Le Giornate del cinema muto (referred to in English as Pordenone Silent Film Festival) is an annual festival of silent film held in October in Pordenone, northern Italy. It is the first, largest and most important international festival dedicated to silent film and also is present in the list of the top 50 unmissable film festivals in the world according to Variety. The Pordenone Silent Film Festival is a non-profit association, whose president is Livio Jacob. The director from 1997 until 2015 was David Robinson. Other members of the festival board are Paolo Cherchi Usai, Lorenzo Codelli, Piero Colussi, Luciano De Giusti, Carlo Montanaro, Piera Patat.
Created in 1982 as a collaborative effort between La Cineteca del Friuli in Gemona and the Cinemazero filmclub in Pordenone, the Giornate del Cinema Muto, aka Pordenone Silent Film Festival, has established itself as the leading international event dedicated to the preservation, diffusion, and study of the first thirty years of cinema.
The first retrospective, focussing on French comedian Max Linder, was organized as a true labor of love, with a shoestring budget and an audience of eight patrons. Today, the screenings are attended by several hundreds of people from across the world, ranging from academics, archivists and critics to private enthusiasts and collectors, who gather for a weekly marathon of screenings.
From 1985 to 1998, the festival's venue was the Cinema Verdi in Pordenone, a picture palace from the great post-war era of Italian cinema-going. Following the local authorities' decision to demolish the Verdi, in 1999 the Giornate moved to the Teatro Zancanaro in Sacile (15 km from Pordenone), a well-equipped modern auditorium behind the older facade of a theatre which has been presenting films since 1911. In October 2007 the festival moved back to Pordenone and to the new Verdi theatre.
Since its inception, the Pordenone Silent Film Festival has covered all aspects of early film history, ranging from the classical Hollywood cinema to avant-garde and animation. "These gatherings," write Kristin Thompson and David Bordwell in Film History: An Introduction, "have revolutionized the study of silent cinema... The Silent Film Festival has helped emphasize how crucial the preservation and availability of early films are to our knowledge of cinema history."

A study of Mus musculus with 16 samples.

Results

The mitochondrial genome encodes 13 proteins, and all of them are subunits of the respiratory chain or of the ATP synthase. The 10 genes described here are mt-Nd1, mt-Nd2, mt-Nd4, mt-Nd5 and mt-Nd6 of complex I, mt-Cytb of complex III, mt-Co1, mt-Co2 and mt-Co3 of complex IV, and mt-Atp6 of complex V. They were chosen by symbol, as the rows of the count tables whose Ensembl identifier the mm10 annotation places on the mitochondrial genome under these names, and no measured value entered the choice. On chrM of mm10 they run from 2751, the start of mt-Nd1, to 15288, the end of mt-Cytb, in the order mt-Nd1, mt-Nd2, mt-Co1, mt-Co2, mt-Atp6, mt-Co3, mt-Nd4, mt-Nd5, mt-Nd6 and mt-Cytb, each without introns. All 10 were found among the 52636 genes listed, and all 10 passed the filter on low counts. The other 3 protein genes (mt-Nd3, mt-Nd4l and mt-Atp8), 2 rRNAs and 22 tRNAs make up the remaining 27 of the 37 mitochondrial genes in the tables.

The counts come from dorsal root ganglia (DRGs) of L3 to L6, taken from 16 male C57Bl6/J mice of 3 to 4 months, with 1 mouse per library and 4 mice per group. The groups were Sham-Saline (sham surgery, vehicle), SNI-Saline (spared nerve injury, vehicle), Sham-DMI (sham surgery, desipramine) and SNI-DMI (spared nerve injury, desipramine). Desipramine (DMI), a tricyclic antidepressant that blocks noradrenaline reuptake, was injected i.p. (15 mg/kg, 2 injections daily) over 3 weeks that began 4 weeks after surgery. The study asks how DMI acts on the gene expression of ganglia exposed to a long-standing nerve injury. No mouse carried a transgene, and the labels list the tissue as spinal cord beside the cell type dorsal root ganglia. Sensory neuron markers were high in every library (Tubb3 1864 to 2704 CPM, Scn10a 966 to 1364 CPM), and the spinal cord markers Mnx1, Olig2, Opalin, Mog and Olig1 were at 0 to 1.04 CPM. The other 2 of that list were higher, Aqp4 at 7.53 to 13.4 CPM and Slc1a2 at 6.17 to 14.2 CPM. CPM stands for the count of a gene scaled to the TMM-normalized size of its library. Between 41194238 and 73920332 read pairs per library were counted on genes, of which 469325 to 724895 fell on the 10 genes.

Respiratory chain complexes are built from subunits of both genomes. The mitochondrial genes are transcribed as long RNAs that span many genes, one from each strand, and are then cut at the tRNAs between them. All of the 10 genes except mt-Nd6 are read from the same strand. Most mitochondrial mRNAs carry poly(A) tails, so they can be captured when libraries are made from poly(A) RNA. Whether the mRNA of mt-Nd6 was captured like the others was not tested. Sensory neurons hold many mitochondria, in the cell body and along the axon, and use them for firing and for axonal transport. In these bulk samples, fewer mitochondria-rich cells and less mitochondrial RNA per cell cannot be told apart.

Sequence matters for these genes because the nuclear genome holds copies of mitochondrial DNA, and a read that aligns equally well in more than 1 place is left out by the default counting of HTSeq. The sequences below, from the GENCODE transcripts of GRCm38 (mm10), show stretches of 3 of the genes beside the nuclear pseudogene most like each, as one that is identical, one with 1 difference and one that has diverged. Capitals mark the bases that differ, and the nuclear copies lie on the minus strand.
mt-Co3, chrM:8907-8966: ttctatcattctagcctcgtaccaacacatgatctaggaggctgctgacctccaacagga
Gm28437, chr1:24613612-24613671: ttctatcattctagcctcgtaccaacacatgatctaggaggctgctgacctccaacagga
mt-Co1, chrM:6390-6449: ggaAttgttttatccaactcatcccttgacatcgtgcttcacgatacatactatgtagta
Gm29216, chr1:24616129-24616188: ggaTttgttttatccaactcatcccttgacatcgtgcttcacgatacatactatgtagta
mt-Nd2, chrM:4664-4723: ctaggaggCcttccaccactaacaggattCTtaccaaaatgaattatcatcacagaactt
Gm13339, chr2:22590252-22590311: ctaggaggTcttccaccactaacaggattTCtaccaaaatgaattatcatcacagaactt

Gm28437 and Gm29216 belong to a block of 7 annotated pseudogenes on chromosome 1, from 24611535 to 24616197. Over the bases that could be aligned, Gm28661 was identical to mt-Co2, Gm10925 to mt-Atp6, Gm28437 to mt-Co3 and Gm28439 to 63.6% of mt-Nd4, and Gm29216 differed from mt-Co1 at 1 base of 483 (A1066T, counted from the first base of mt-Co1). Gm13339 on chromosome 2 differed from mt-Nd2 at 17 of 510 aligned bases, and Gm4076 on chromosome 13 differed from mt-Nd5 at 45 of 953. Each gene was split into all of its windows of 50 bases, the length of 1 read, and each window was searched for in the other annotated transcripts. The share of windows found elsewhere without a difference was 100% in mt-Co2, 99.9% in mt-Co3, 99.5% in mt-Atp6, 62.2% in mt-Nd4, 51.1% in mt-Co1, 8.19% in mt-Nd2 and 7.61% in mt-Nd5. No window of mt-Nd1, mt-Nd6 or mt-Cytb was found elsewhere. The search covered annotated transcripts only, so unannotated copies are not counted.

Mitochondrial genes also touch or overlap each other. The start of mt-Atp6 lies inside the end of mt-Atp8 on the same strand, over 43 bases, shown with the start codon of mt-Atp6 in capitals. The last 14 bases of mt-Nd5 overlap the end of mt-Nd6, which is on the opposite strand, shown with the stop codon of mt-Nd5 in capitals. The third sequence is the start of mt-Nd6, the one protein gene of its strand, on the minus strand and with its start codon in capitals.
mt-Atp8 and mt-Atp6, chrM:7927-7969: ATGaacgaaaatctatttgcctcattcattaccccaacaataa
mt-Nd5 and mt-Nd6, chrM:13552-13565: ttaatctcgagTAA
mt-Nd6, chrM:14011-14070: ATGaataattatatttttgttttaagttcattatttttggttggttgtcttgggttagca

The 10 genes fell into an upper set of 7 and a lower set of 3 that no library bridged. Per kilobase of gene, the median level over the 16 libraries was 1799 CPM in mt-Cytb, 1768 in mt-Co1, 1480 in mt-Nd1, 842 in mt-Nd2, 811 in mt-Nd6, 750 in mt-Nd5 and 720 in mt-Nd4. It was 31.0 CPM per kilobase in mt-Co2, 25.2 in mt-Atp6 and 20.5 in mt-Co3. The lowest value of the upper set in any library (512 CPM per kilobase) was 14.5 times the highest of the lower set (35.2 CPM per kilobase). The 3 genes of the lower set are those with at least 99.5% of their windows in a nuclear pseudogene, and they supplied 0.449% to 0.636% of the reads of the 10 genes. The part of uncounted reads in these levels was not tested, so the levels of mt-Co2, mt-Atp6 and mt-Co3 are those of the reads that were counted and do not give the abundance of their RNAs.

Over the years of its existence, the festival has stimulated and assisted the process of recovering and restoring the film heritage, which is the vital role of the world's film archives. Thanks to the extraordinary periodic meeting of expertise at the Giornate, lost films have been rediscovered, orphan reels have been identified, and chance personal encounters have led to restoration projects.
The quality of film presentation is enhanced by the music performed for each program. A staff of highly specialised pianists from different countries play improvised, original or contemporary music throughout the festival, while groups and full orchestras perform on special musical events. Daily lessons for aspiring silent film accompanists given by the Giornate's musicians - also testify to the importance of music to the festival.
Another annual festival feature is the Collegium, where twelve young people sit down with groups of experts in various fields of the study and techniques of film history and conservation. An annual prize, the Jean Mitry Award, is given every year to scholars and archivists in recognition of their work in preserving, interpreting and promoting the silent film heritage. The current prestige of the Silent Film Festival derives also from its books, programs and brochures, many of which are regarded today as basic reference works in the field.
The following is a list of some works that have been shown at the festival, as well as themes engaged and directors featured, in addition to showing the complete works of D.W. Griffith, which are being shown in 12 parts, 1997-2008.